Chief’s Son Walks MANS Halls—Again

University graduate Joshua Saddleback enrolls his daughter in his alma mater


Joshua Saddleback is a well-known figure in the Maskwacis community. The son of Chief Vernon Saddleback of the Samson-Cree Nation and a recent graduate of MacEwan University’s Police Investigative program in Edmonton, he is also a MANS alumnus. He’s happy to be home, working with Maskwacis youth, and to have his daughter, Kiya, sitting in the same classrooms he did at MANS.

MANS was a smaller place when Joshua was a student. At the time, it only went up to grade 9, and there were only about 200 students enrolled. He describes his MANS experience as “really good” and credits the school with teaching him what Christianity is. “We had all kinds of students. The teachers there modeled the same patience and respect for all the kids. They showed nothing but genuine care.”

Joshua’s transition from MANS to a 1,200-person high school was a culture shock. Leaving Maskwacis for a university with a student count of thousands was even more jarring. “But,” he says with a smile, “I pushed through the hard times and continued to show up to classes and try my absolute best.”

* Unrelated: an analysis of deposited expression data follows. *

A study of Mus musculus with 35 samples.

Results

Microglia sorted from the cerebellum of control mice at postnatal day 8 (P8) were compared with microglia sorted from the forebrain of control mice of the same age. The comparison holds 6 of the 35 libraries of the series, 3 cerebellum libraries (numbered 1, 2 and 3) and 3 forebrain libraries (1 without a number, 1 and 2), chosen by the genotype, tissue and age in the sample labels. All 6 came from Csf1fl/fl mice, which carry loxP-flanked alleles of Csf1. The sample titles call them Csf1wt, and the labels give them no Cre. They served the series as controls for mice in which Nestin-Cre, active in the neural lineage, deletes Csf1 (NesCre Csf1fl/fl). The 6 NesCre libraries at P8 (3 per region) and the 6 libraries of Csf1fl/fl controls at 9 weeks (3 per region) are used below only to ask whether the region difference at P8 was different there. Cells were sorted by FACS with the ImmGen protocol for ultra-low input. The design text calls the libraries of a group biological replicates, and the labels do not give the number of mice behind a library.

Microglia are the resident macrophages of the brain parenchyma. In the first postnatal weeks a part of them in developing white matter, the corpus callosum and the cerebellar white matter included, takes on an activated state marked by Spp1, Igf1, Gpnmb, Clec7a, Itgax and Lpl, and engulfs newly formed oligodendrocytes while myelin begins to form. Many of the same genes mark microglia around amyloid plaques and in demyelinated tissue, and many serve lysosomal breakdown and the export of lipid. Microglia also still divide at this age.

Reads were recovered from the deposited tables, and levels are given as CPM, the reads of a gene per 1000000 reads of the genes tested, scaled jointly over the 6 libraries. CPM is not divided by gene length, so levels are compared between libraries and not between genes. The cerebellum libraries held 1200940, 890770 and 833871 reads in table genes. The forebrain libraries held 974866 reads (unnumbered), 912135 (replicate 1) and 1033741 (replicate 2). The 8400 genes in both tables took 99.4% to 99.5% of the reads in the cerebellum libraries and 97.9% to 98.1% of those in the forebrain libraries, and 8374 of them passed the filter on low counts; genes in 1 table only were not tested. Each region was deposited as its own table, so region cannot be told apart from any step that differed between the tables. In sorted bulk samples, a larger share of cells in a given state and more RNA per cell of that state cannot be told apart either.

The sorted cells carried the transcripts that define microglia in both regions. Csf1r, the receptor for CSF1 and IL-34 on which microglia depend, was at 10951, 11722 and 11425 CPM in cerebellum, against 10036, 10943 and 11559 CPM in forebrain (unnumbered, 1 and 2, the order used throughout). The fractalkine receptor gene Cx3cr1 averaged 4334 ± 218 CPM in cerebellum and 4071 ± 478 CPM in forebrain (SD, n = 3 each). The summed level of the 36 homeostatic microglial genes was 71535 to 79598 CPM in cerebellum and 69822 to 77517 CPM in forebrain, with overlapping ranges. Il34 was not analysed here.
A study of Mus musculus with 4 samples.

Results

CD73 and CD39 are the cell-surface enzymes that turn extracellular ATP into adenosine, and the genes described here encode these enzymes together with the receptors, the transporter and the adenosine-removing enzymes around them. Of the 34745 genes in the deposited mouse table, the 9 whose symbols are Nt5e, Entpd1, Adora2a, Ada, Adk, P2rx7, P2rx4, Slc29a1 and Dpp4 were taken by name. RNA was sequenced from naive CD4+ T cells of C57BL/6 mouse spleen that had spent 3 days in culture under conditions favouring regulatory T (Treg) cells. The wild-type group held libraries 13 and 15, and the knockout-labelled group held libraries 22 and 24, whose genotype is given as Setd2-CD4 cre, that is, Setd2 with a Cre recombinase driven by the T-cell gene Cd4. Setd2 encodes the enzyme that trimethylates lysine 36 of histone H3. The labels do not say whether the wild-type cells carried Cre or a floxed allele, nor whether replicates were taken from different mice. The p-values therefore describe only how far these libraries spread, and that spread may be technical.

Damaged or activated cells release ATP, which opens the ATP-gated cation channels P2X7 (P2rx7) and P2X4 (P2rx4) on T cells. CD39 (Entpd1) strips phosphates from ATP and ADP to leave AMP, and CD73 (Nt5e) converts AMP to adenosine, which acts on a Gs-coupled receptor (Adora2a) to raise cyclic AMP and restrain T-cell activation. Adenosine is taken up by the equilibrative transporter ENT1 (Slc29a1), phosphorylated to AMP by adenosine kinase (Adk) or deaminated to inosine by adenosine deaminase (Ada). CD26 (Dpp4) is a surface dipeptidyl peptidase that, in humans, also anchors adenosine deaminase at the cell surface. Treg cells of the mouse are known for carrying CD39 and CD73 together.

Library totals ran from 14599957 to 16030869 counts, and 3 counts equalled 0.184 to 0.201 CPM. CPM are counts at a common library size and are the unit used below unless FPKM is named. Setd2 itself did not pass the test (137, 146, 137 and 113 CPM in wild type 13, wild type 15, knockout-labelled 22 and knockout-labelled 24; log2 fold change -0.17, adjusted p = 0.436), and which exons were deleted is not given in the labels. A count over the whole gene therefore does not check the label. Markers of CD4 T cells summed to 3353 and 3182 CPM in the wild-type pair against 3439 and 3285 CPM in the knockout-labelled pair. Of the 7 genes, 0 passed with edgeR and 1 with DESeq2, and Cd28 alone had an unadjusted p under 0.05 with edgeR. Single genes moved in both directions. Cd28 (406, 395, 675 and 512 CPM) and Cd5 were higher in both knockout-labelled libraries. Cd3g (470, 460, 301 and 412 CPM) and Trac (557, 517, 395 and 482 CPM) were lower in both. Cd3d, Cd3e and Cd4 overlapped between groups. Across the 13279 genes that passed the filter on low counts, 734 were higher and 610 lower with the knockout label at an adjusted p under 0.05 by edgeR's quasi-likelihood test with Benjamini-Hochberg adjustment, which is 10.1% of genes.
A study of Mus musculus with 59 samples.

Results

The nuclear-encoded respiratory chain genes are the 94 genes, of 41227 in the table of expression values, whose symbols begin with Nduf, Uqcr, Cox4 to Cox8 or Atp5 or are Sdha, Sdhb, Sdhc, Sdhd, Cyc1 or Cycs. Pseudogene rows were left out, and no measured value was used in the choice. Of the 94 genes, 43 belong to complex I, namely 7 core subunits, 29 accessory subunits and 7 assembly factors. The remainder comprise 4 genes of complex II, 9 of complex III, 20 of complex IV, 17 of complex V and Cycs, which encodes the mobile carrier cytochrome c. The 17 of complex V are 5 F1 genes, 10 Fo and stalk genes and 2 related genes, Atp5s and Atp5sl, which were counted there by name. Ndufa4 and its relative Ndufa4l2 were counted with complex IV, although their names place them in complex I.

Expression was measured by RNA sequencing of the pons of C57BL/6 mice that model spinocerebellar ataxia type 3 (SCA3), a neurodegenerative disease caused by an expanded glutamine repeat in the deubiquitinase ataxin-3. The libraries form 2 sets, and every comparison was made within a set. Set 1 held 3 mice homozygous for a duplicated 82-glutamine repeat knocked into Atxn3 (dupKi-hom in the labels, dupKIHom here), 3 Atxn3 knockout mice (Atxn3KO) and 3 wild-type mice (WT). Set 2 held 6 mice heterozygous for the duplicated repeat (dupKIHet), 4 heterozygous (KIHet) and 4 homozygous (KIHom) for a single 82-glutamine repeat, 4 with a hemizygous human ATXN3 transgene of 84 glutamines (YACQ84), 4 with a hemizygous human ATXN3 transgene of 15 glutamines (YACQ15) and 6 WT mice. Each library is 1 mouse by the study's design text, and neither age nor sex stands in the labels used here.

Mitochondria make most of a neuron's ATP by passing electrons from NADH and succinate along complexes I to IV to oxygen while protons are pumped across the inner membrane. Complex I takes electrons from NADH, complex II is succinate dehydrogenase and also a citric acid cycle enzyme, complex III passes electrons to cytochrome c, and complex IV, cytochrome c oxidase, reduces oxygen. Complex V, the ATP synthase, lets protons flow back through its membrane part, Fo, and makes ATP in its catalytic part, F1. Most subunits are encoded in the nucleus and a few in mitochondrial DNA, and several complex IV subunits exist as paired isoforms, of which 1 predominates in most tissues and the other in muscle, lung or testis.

Now, diploma in hand, Joshua applies his perseverance and positive attitude to his work in group care—work that’s deeply important to him. “I can’t get into too much detail, given confidentiality,” he says. “All I can say is I work with all kinds of youth. Specifically, with kids within our community.”

Did his time at MANS help prepare him for this role? His answer is a resounding “yes… I try to model the same patience and respect towards the kids I interact with in my workplace. In a way, MANS taught me to be there for the kids and to continue to show that genuine care.” 

Quality, genuine care is just one of the reasons Joshua decided to enroll his daughter at MANS. He is also excited about MANS’ high school and Miweyihtowin, the sculpture commission created by MANS high school students at the request of the city of Lacombe. The fact that the sculpture is connected to university grounds is particularly impactful for him. But perhaps the biggest surprise of his return was seeing so many familiar faces.

“It adds a level of comfort knowing that [Kiya’s] going to get the same positive experience that I had,” he says. “I love that most of the teachers I had when I went there, she will have too. I know that she’s going to enjoy it. She already is.”